Main cast: Pier-Gabriel Lajoie (Lake), Katie Boland (Désirée), Yardly Kavanagh (Nurse Baptiste), Marie-Hélène Thibault (Marie), and Walter Borden (Melvyn Peabody)
Director: Bruce LaBruce
Compared to Bruce LaBruce’s previous works such as Raspberry Reich and L.A. Zombie, Geron is not even close to being a queercore flick. It is, in fact, the closest Mr LaBruce has ever come to making a love story, although it naturally pushes the envelope of the mainstream consciousness by combining homosexuality and gerontophilia – which is, basically, one’s sexual attraction to elderly people. To put it simply, we have a man in either his late teens or early twenties in a love story with an 81-year old man.
Lake has a girlfriend, Désirée, whom he is certainly sleeping with, and he spends most of his time caring for his mess of a mother, Marie, when he’s not helping out in various things in the neighborhood. Désirée, in fact, teases him by calling him a saint. Lake is vaguely unhappy, but it is only when he gives CPR to an elderly man in the town pool and develops an erection in the process that he finally gets to pinpoint the source of his unrest: he is attracted to the elderly. He finds them erotic, to the point that he sketches his elderly subjects like a lover drawing the object of his affection. He even sketches Désirée as an old woman and makes love to her with a blown-up image of Mahatma Ghandi in the backdrop.
When a family friend lets him work at the neighborhood facility for the elderly, it’s like letting a fat kid run unchecked in a buffet hall. He soon develops an attraction to 81-year old Melvyn Peabody, who is very ill. Eventually, he decides that he has to help Melvyn achieve his dream – to see the ocean one last time before he dies.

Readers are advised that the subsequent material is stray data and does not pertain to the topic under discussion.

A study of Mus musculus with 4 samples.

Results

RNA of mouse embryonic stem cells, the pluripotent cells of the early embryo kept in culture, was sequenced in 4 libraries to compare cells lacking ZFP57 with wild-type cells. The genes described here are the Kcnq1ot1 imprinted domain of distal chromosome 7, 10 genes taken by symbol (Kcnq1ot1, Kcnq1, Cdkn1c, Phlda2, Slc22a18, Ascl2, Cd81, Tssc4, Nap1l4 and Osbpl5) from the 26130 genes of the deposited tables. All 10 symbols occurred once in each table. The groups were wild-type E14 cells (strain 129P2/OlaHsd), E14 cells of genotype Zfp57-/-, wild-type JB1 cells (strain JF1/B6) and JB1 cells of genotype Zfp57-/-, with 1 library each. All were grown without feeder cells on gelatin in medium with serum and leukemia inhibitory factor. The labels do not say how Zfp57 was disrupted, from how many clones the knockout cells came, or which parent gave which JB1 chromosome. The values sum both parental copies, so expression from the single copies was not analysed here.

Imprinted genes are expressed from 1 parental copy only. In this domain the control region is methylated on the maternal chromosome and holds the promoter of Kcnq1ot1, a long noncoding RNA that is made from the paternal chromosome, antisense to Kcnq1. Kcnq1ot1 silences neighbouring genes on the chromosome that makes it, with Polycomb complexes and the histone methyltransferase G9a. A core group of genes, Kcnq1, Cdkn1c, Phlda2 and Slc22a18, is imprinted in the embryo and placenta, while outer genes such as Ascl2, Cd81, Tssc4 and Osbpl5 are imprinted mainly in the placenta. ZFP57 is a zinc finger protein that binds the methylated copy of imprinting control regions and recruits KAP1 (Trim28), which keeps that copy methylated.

Folks, I have to let you guys know – while normally Mr LaBruce’s movies are usually a free-for-all when it comes to beautiful people baring all and engaging in hardcore sexual activities, here, the only full frontal nudity comes from Walter Borden, the guy that plays the old guy. Pier-Gabriel Lajoie is obscenely pretty – where do these French boys come from and how can I buy a few of them? – but any skin from him is mostly from the waist up.
In fact, this is where I’ve better bring up an issue I have with this story: Geron is actually more timid than its director’s reputation would lead one to believe. It is only in the final scenes do Lake and Melvyn actually engage in displays of affection. The scenes prior to that – even ones where it’s clear that these two have had sex – have the two actors barely touching one another. As a result, the so-called romance between these two never develop much beyond something more akin to friendship, which is awkward considering that, for a long time, Lake believes that he is in lust with Melvyn and is trying to sort out inside his head whether he’s just going through a freaky phase. If that boy is in lust, it’s the most awkward kind of lust I’ve ever seen.
I guess even for someone like Mr LaBruce – who had hired actual actors of gay adult films to be in hardcore explicit gore vampire movies or had his cast actually have sex in Nazi-themed gender fluid orgy movies – showing an actually sexually-charged relationship between two consenting adults with a huge age gap between them is… icky. Or maybe he just wants a more mainstream audience for this movie – good luck with that, buddy – and neuters any realistic sexual attraction between the two main characters in the process. Whatever his motives are, the so-called sexual attraction between Lake and Melvyn is never believable or engaging. They just don’t act like they are in lust, that’s the problem.
It’s a shame that the execution is not exactly together, because the story is actually a sweet one, and it also allows Désirée to retain her dignity despite the fact that she’s stuck in the thankless role of that woman in a gay movie while having Melvyn be an actually realistic sort of elderly gentleman instead of, say, an over the top queen, a wise guru-type of person, or other lazy stereotypes. Yet, Geron is just too restrained and safe for its own good, especially when the director had never bothered with restraint before in the past. Oh, well.